McAlester News-Capital, McAlester, OK


US Navy band earns waves of applause at McAlester venue

McALESTER — The U.S. Navy band Country Current sent cascades of musical notes ringing through the auditorium during the group’s Saturday night performance at Life Church in McAlester — earning waves of ovations from an enthusiastic audience.

An estimated 520 individuals attended the special concert, sponsored by the McAlester News-Capital, in conjunction with Life Church.

During the band’s performance, Country Current played everything from modern Nashville music, to more traditional country, bluegrass and even added a touch of Western swing.

Opening with Brad Paisley’s “Catch All the Fish,” the band offered its renditions of what Nashville has to offer these days, mixed with several original numbers written by members of the band.

Kenny Ray Horton, the band’s lead vocalist and acoustic guitarist, said he felt honored to visit McAlester, because country songstress Reba McEntire is from the area. McEntire was born in McAlester, grew up in Chockie and attended Kiowa Public Schools.

While Horton mentioned McEntire, the band went on to perform two songs popularized by a couple of other Oklahomans: Blake Shelton’s “Sunny in Seattle” and “Vince Gill’s “High Lonesome Sound.”

Speaking of that high lonesome sound, the band smoothly segued from hard-stomping contemporary country music numbers to bluegrass tunes, with the drummer and steel guitarist taking a break during the bluegrass numbers, and the other musicians sticking to acoustical instruments.

Highlights during the bluegrass section of the show included an exuberant rendition of the traditional “Roving Gambler” and the instrumental tune, “Old Ironsides” with fiddler and Chief Musician Patrick J. White ripping it up on the mandolin.

Horton also played an original song, “How Forever Ends,” a country weeper featuring a prominent steel guitar in the mix.

Showing the band could also handle Western swing with ease, the group swung into Ty England’s hit song "A Swing Like That,” featuring outstanding contributions from steel guitarist Patrick Gulle and electric guitarist Joseph Friedman, with White taking another spirited turn on the fiddle.

Friedman also crunched out an excellent lead on Merle Haggard’s “Mama Tried,” another highlight of the night.

The evening’s most touching moment for many occurred when veterans who had served in the nation’s armed forces were asked to stand while the band played their respective military service songs.

Afterwards, News-Capital Publisher Amy Johns noted the number of veterans who attended the concert.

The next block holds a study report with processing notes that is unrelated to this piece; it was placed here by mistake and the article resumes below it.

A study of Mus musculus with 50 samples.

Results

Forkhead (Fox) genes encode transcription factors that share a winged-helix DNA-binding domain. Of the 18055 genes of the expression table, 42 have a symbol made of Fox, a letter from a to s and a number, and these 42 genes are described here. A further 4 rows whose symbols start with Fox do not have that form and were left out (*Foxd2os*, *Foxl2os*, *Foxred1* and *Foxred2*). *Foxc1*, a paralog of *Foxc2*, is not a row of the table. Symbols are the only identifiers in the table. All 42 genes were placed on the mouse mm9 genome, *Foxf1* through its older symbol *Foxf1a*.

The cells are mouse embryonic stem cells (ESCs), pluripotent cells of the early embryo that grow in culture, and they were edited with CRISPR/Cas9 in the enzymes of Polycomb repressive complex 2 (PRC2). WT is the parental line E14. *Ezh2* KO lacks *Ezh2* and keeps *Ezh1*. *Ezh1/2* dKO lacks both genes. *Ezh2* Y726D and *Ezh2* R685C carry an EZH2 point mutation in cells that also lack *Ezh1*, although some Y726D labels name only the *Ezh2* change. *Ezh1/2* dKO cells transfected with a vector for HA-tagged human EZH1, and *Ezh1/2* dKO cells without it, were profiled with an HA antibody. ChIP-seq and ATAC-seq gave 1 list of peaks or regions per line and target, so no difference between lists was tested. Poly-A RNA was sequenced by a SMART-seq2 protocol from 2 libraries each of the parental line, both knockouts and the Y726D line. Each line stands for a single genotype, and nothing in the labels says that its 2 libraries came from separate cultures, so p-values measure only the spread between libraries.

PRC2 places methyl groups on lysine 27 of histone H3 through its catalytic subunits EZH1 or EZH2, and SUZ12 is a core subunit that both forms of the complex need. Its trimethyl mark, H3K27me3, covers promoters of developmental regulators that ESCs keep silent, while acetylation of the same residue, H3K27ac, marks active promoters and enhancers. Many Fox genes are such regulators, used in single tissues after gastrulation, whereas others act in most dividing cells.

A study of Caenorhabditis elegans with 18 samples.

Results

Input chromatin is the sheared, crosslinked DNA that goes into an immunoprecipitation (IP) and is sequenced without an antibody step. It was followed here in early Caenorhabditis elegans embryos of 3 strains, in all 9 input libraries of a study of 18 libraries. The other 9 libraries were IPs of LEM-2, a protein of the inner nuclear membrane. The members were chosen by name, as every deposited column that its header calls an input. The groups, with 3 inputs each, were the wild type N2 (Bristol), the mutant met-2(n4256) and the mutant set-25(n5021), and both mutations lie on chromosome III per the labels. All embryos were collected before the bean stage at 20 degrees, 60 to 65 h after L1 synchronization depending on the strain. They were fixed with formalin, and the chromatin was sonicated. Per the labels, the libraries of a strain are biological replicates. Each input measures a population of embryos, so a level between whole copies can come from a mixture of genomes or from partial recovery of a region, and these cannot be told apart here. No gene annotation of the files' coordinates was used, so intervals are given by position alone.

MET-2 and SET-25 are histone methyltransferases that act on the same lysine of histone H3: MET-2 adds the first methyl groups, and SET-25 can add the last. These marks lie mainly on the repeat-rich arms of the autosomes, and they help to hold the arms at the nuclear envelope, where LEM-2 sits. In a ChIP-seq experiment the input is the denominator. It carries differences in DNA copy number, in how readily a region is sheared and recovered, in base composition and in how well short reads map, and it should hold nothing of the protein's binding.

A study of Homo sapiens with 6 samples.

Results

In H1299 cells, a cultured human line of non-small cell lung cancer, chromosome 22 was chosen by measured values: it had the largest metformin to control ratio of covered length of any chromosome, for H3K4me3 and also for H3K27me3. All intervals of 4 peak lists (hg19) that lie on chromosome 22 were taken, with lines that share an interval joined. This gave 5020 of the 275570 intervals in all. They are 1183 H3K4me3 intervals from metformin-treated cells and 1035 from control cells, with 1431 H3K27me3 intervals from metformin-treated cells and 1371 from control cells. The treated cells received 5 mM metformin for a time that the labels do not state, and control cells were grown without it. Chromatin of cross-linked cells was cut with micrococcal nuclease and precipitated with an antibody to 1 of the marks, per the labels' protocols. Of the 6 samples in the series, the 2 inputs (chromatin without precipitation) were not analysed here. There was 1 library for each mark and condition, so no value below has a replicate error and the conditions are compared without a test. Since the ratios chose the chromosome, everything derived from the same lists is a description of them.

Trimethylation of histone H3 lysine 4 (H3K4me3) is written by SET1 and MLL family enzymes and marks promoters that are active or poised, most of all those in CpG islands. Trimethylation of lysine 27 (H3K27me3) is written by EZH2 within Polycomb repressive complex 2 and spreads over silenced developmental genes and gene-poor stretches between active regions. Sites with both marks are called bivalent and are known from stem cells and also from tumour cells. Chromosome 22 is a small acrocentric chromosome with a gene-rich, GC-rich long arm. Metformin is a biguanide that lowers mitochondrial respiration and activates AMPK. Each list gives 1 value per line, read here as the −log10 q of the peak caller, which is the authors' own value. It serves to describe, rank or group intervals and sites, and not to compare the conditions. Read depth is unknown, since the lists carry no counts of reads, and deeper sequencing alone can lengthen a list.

“There were lots of veterans in the audience, which was wonderful to see,” Johns said.

She also gave high marks to  Country Current’s performance.

“They were so good, and played a mix” of country music and bluegrass, she noted.

“Anytime we have the opportunity to bring musicians of this caliber to McAlester, we’re going to jump it,” Johns said.

“I appreciate the community coming out, and I hope they had a great time.”

Following the concert, banjoist and Senior Chief Musician Keith Arneson spoke warmly of the band’s McAlester reception.

“This was a good house — they were enthusiastic,” Arneson said. When the crowd is with you, it’s a lot easier to give a good performance, he added.

When the conversation turned to bluegrass and the fact that the legendary had Bill Monroe played in McAlester a number of times during the Sanders Family Bluegrass Festival years, Arneson spoke of what had been a personal career highlight for him.

While the band has appeared on stage with a number of well-known performers, Arneson considers one in particular a career highlight.

He said the group received a call in 1996 to perform at a bluegrass festival in Racine, Ky., the hometown of the legendary Bill Monroe, considered the father of bluegrass music.

Although Monroe was ill and was not scheduled to perform, he did have an honored seat where he could watch the other performers. The plans changed when Country Current performed, however.

Monroe took to the stage for one of his last performances to join Country Current on a couple of numbers.

“We played ‘Blue Moon of Kentucky’ and ‘Big Mon,’” Arneson recalled. He considers it an experience he’ll always remember.

Country Current is led by Arneson, of Waldorf, Md., on banjo, guitar and vocals, along with Leading Chief Petty Officer and Chief Musician White, of Williamsport, Md., who provided outstanding fiddle and mandolin, as well as harmonies, throughout the concert.

The rhythm section of  Jeremy K. Middleton, of Clarksville, Tenn., on electric bass, acoustic string bass, and vocals, and Christina M. Catalanotto, of Slidell, La., on drums, kept the group swinging during the upbeat country songs.

Christopher M. Trupe, of Reading, Pa., served as the band’s sound support technician, with a clear, pure sound delivered for the McAlester concert.

As audience members filed out of Life Church following the performance, local resident Vicki Ramm joined others in saying how much she enjoyed Country Current, and how she would like to see the group again.

“Do it again next year,” she suggested, with a big, big smile.

Contact James Beaty at jbeaty@mcalesternews.com.